How a Spanish Speaking Preschool Helps your Child Learn Spanish

Strong oral language skills support a child’s early literacy development. Preschool-age kids in dual language programs are both learning a second language and continuously learning about their first. In a Spanish speaking pre-school, both teachers and students should only speak Spanish all day long. If you are like most parents, you might be wondering how your child who doesn’t speak the classroom language will handle the transition. Read on to know how the classroom is set up to support the learning of Spanish as a second language and how kids are supported for the transition:

Offering a Hands-On Environment

In most Spanish-speak daycare centers, children can use readily available materials even if they have any language skills. Kids can take blocks, play dough, or spend time with their peers even if they cannot speak Spanish. The school ensures that every child feels comfortable in the new environment they are in. Teachers care for kids throughout the day to make sure their needs are met.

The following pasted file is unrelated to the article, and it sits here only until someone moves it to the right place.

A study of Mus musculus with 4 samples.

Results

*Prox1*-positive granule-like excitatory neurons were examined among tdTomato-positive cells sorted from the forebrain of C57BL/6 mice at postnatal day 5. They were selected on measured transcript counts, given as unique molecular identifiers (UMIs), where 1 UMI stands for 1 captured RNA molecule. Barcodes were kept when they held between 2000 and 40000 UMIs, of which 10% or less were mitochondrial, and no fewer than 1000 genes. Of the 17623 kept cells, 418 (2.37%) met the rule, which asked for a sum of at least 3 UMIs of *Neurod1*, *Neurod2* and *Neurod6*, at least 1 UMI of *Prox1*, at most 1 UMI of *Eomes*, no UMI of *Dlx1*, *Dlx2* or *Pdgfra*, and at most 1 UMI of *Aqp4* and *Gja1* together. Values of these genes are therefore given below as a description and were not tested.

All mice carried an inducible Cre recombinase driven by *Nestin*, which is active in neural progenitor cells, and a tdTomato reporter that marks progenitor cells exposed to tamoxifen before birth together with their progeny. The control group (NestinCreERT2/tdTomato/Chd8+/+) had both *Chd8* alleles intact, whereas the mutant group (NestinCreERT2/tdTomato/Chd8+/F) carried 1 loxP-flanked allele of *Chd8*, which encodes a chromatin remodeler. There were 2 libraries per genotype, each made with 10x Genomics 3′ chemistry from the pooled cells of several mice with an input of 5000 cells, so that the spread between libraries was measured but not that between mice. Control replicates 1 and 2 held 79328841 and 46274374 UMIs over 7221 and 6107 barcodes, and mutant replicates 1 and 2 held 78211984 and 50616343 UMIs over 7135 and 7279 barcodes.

Offering Responsive Language

In an immersion daycare center, your child will work with a wide range of activities that let the teacher offer endless responsive language. These include practical life activities that help kids learn the names of common things, together with many verbs and adverbs. Also, activities include the use of sensorial materials for learning all types of adjectives. Most of these activities are designed to isolate a particular attribute so the child can learn a new adjective in their own pace. Great Spanish immersion preschools teach students how to express their needs and feeling with words.

Offering Freedom for Structured Activities and Routines

Every child who enters a classroom without speaking its language can benefit from the freedom to take part in structured activities and routines. Sometimes, they are allowed to pick any activity for themselves and work with it for as long as they want. Their teacher would give them a cue when it is time to clean up and put their activity away. An example of a pre-school Spanish routine is a thirty-minute lesson with a group. It involves spending five minutes for welcoming and warming up, introducing new words, teaching a new story, or making a class graph for 5-10 minutes, acting out words for 2-3 minutes, following up activity for 5-10 minutes, and wrapping up for 5 minutes. Effective preschool teachers know their class and do what works for them.